By David Jagielski – Feb 4, 2020 at 10:30AM


Marijuana stocks in Canada enjoyed strong revenue growth in 2019. Prior-year results were easy to compare to because the government hadn't legalized pot until October 2018.

In 2020, the edible and ingestible market will continue to help pad the sales of Canadian pot stocks. The problem, however, is that while the revenue numbers may be up from last year, they may not be as strong as what investors are hoping for.

Restrictions on edibles pose a problem

Edibles are an exciting new segment of the cannabis industry. From beverages to food products, there are many new products that companies can develop. In September, industry leader Canopy Growth said it was working on 50 new edible products.

The challenge for Canadian companies is that the industry is heavily restricted, and edibles are no exception. One of the more problematic limitations is that for edible cannabis, Health Canada states there can be no more than 10mg of tetrahydrocannabinol (THC) per package. For many cannabis consumers, that's simply not enough THC -- and they can obtain higher levels from the black market.

Cannabis chocolate.

Image source: Getty Images.

Even in the U.S., consumers can buy packages of edibles that contain as much as 100mg of THC. It's not a competitive situation for Canadian consumers to have to eat 10 edible packages to reach the same THC content as what they can get in the U.S. or on the black market. It also isn't optimal for companies that have to do a lot more packaging, which drives their costs higher. 

Why cannabis-infused chocolate could lag behind other edibles

Chocolate is a popular product for cannabis consumers, but low THC levels could make it hard to move the product. Edible producer Choklat is seeing significant demand for chocolate from cannabis companies. The company has even received a request from one company for two million chocolate bars.

And while the demand is there from cannabis companies, that doesn't mean it may be there from consumers -- at least not yet. Alberta-based retailer Bow Cannabis noted its best-selling items thus far have been gummies and chewables, and that consumers haven't had as much interest in chocolate products.

While it's still early and the sample size is small, it could be a cause for concern. Gummy products come in a wider range of flavors than chocolate, and it's easier to consume a large amount of gummies than chocolate to arrive at a higher THC level.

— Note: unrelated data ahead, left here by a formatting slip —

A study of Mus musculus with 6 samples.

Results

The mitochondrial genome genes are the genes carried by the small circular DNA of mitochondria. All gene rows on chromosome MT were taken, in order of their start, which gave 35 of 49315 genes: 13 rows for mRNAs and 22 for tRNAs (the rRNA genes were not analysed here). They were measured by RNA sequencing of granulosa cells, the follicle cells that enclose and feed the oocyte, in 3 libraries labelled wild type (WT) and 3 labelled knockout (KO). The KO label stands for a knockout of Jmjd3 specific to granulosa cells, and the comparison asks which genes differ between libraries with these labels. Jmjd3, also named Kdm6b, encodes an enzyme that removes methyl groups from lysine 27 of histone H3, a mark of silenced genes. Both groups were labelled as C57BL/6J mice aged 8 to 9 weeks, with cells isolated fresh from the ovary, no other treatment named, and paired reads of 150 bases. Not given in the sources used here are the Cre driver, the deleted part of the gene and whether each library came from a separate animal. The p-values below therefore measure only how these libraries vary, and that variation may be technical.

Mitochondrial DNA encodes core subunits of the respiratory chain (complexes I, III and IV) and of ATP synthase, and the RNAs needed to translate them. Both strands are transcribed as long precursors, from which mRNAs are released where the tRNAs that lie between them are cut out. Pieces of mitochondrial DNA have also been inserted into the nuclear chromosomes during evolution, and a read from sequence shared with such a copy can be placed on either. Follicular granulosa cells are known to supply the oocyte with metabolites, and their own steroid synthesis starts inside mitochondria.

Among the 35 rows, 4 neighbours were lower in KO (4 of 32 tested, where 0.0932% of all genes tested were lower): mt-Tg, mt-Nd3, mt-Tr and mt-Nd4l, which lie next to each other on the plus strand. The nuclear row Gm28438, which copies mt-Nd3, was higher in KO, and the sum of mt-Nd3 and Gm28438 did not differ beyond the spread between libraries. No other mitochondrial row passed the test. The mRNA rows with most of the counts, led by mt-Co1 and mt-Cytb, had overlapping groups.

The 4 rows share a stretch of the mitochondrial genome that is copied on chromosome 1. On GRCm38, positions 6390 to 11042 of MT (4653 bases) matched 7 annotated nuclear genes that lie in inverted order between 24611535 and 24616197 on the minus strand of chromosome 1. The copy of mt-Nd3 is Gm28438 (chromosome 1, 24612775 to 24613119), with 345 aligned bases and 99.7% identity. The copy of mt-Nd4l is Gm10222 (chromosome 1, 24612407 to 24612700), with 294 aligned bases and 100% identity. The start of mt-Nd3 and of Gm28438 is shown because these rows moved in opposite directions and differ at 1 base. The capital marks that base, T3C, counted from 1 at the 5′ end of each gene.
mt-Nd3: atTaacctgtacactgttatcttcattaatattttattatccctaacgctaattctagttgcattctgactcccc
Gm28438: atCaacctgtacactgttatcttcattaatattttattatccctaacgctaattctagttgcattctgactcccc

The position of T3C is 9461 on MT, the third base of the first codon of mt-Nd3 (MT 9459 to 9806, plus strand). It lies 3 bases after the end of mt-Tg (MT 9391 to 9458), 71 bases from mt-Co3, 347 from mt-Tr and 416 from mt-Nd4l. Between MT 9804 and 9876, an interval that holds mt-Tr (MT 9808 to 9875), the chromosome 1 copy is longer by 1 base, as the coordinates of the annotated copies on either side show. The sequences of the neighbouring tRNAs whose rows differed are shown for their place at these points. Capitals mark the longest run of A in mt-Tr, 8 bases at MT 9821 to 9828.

Should investors avoid companies that depend on chocolate edibles?

If cannabis-infused chocolate products don't sell as well as expected, that could be a problem for certain companies. Organigram (OGI 2.94%) invested 15 million Canadian dollars into a chocolate production line that would enable it to produce up to four kilograms annually of cannabis-infused chocolate products.

When the company made the announcement in May 2019, it was clear that chocolate was a key area it was focusing on. Organigram CEO Greg Engel said, "With this investment, we will soon also be known for our world-class chocolate production capability."

Finding a subset of the edible market where it can establish a leadership position could be a solid long-term strategy. However, until Health Canada eases THC restrictions on edible products, consumers may opt for illicit sources for cannabis-infused chocolate.

The good news for Organigram is that it isn't dependent on just chocolate. The company released its first-quarter results in January, and with wholesale revenue of CA$9.2 million helping the company beat analyst expectations and produce a positive adjusted earnings before interest taxes depreciation and amortization (EBITDA), the stock soared close to 50%. 

Whether it's able to continue producing strong results in 2020, however, will likely depend on how well its chocolate products are selling. And until those results start coming in, investors may want to hold off on investing in the marijuana stock.

David Jagielski has no position in any of the stocks mentioned. The Motley Fool recommends OrganiGram Holdings. The Motley Fool has a disclosure policy.